TCM Classic Film Festival: 'A Star Is Born' & 'Metropolis'

by Andre Soares

Judy Garland in A Star Is Born (top); Brigitte Helm in Metropolis (middle); Jean-Paul Belmondo, Jean Seberg in Breathless (bottom)

Turner Classic Movies' first-ever TCM Classic Film Festival, which will be held on April 22-25, 2010, in Hollywood, will feature the world premiere of a newly restored edition of George Cukor's A Star is Born (1954), starring Judy Garland and James Mason; the North American premiere of the restored version of Fritz Lang's Metropolis (1927); and a 50th anniversary screening of Jean-Luc Godard's Breathless, starring Jean-Paul Belmondo and Jean Seberg.

The TCM Classic Film Festival will also feature a special presentation of Stanley Kubrick's 2001: A Space Odyssey, including a discussion with Oscar-winning visual-effects artist Douglas Trumbull.

Among other guests scheduled to participate are filmmaker Peter Bogdanovich and film critic Leonard Maltin. Additionally, TCM weekend-daytime host Ben Mankiewicz will introduce films throughout the festival.

Passes go on sale starting today. Prices ain't cheap – $499 to $1,199 – though the passes cover assorted special events and more than 50 presentations.

The premiere of A Star is Born will be the festival's opening night event on Thursday, April 22. TCM will screen a version of the film that was digitally restored by scanning original negatives. As per TCM's press release, “the result is much better picture quality of all elements of the 1983 restoration, with deeper and richer color than ever before.”

As a result of the 2008 discovery of a 16mm negative in Buenos Aires and the ensuing restoration, Metropolis will be screened with 30 minutes of additional footage unseen since the 1927 Berlin premiere. (Though sections of the 204-minute original film remain missing.) As per TCM's release, “the newly reconstructed Metropolis features extensive scenes that flesh out many of the supporting characters, fill in previously jarring gaps in the plot and provide additional back story.” The three-man musical ensemble Alloy Orchestra will provide live musical accompaniment.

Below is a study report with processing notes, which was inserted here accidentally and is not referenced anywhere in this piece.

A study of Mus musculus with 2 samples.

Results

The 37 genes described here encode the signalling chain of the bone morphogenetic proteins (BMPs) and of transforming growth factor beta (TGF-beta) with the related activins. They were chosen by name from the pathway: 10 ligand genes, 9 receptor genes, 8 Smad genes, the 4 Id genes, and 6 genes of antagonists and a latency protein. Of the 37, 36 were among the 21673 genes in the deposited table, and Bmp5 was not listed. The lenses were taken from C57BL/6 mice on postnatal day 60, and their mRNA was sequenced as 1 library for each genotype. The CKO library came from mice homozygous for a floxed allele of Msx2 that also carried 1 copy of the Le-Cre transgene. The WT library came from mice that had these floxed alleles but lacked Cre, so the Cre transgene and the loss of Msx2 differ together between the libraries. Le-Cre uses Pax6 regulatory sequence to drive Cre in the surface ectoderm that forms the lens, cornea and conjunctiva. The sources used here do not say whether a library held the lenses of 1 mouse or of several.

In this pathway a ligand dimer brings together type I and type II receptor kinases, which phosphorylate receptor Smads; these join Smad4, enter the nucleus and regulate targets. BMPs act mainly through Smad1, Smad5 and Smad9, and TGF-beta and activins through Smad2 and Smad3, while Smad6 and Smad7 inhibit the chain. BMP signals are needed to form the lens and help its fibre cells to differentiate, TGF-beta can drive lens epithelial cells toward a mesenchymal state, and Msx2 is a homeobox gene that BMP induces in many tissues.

Also as part of the festival, TCM is partnering with Vanity Fair to promote the publication of Vanity Fair's Tales of Hollywood (Penguin Books), edited by Graydon Carter. Special panels will feature Vanity Fair writers, along with actors and filmmakers who will talk about Hollywood's behind-the-scenes goings-on.

The central hub for the TCM Classic Film Festival will be Club TCM, located inside the Hollywood Roosevelt Hotel, the site of the first Academy Awards ceremony back in 1929. All passholders will be allowed entry into Club TCM, which will include a festival lounge, panel discussions, social events, a boutique, and poolside screenings. Other event locations include Grauman's Chinese Theatre and the Egyptian Theatre.

Festival passes are now on sale at The number of passes will be limited, especially for top-level “Spotlight” passes:

The “Classic” Festival Pass: $499 - Includes access to all film programs at festival venues; access to all Club TCM events, including festival headquarters, the festival lounge, panel discussions, social events, the festival boutique and poolside screenings at the Hollywood Roosevelt Hotel; an opening-night welcome party; Friday and Saturday evening passholder gatherings; the closing-night event; and a commemorative festival program.

The “Essential” Festival Pass: $599 - Includes all privileges available to “Classic” passholders, plus entry to the opening-night red carpet screening of A Star is Born at Grauman's Chinese Theatre and official TCM festival collectibles.

The “Spotlight” Festival Pass: $1,199 - Includes all privileges available to “Classic” and “Essential” passholders, plus entry to an exclusive opening-night party following the red carpet screening of A Star is Born, hosted by Vanity Fair magazine; priority entry to all events; a meet-and-greet breakfast with Robert Osborne; and an official TCM Classic Film Festival poster signed by Osborne.

Photos: Turner Classic Movies


A bit of trivia. The photo of Judy Garland singing The Man that Got away is not from the film. That photo was from an earlier take of the song which was not used. In the film release she is wearing a different outfit with a white collar and her hair is combed back.

Andre -

Interesting. I've seen “A Star Is Born” a couple of times and didn't notice that.

Anna Maria -

Awsome!! I'm dying to see the restored print of Metropolis one of my favorite moves ever made. This is incredible news.